Harsh life on an island
Santosh Mondol used to fish crabs with his wife, Asha, in the core area of the Sundarbans. One day, their boat was attacked by a Royal Bengal tiger that killed Santosh. Within a month or so, Asha returned to her old profession that had snuffed out the life of her husband. In a matter of six months, Asha became a victim of the tiger herself.
In Dayapur island in the Sundarbans, every third house has at least one family member who has been killed by a tiger. The stories seldom differ from that of Santosh and Asha - most, if not all, of the tiger victims are killed when they are out crab fishing illegally in the core area.
Crab fishing is not a profession chosen on account of the scarcity of alternative livelihoods. The Joint Forest Management Committee has set up self-help groups to encourage poultry farming to wean people off fishing and honey gathering in the forests. A kilogramme of crab can yield up to Rs 400, while after toiling for 8-10 hours, a daily wage labourer or an agricultural worker earns Rs 250-300. The opportunity to earn money with minimal physical effort makes crab fishing irresistible.
'Tiger widows' face financial duress in the aftermath. Crab fishing in the core area is an illegal activity. Hence the families are not entitled to compensation from the forest department. Families with private life insurance have little respite too: insurance agents demand a hefty portion of the claim money as bribe to expedite paperwork and payout. Politics is rampant too, influencing the process and amount of compensation as well as the choice of recipients. Furthermore, the high salinity of water in Dayapur poses two problems for agricultural workers: rice sowing and harvesting are seasonal activities, forcing them to seek odd jobs at other times of the year. Also, the standing crop is extremely susceptible to natural calamities.
Bitter, not sweet
Honey collectors also face attacks from tigers. But they are less vulnerable because of the seasonal nature of their occupation. The forest department distributes a small number of permits to individual honey collectors that have to be renewed each year. The number of permits is determined by the amount of honey the forest department would like to obtain. Honey collectors require private life insurance, and their families receive an additional two lakh rupees as compensation from the forest department in the event of a tiger attack or any other adversity. Although tiger attacks have soared in the recent past, there is a fundamental difference in the circumstances: tigers no longer intrude into villages; instead, it is the fishermen who are walking into the tiger's lair.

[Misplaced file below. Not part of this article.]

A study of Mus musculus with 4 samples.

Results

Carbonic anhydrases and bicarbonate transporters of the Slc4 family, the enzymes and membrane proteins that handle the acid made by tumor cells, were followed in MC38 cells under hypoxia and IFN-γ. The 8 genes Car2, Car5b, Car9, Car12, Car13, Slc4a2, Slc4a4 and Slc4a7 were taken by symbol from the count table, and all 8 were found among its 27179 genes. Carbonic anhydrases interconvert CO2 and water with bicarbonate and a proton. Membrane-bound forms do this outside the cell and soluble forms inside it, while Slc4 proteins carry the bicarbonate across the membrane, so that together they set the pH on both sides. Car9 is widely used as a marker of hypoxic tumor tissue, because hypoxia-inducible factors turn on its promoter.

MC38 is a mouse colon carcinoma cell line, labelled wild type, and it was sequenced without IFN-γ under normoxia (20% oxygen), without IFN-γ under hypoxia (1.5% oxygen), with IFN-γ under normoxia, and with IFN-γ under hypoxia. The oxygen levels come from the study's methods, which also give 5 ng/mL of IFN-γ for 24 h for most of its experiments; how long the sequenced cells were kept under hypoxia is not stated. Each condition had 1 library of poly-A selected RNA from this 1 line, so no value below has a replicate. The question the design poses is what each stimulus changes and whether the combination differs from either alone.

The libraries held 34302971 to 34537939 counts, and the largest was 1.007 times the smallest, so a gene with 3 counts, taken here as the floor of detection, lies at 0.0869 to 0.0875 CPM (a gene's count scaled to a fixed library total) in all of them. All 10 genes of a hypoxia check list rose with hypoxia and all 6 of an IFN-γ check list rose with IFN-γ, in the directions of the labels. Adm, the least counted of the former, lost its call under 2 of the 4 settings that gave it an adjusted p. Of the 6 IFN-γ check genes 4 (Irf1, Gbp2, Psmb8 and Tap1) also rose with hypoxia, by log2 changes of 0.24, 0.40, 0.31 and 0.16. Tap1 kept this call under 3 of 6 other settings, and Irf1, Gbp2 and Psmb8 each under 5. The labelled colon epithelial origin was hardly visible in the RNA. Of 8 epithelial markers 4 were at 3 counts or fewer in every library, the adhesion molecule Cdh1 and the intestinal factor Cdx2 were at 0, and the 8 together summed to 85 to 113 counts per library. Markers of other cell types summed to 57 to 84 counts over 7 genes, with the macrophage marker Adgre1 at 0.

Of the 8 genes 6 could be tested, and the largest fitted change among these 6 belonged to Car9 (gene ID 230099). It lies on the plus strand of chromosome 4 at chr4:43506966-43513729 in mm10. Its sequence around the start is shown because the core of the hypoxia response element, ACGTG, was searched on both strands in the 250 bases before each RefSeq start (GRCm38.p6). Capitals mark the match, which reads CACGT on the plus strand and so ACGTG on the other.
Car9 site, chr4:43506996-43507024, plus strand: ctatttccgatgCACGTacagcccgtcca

Apart from the threat from tigers, Dayapur battles a number of other problems. The island was among the hardest hit by the cyclone, Aila, in 2009. Recovery has been a slow and tedious process. The education system is in a crisis. Formerly, school principals and teachers stayed on the island and were invested in the children's education. These days, vacancies among teachers and principals are common and the absenteeism rates quite high.
Another pressing concern in the Sundarbans is transportation. Ferry boats only venture out during high tide as they get stuck otherwise. The closest hospital from Dayapur is in Gosaba, around an hour's journey by boat. Tides become a factor while commuting as does the season of the year. During monsoons, boatmen offer their services if they have a certain number of passengers to recover the cost of fuel. The cost of reserving a boat is prohibitive for the common man.
The Sundarbans receive international spotlight as a Unesco heritage site and as the abode of the Royal Bengal tiger. Unfortunately, its human inhabitants remain caught in a suffocating web of climate change, poverty and government apathy.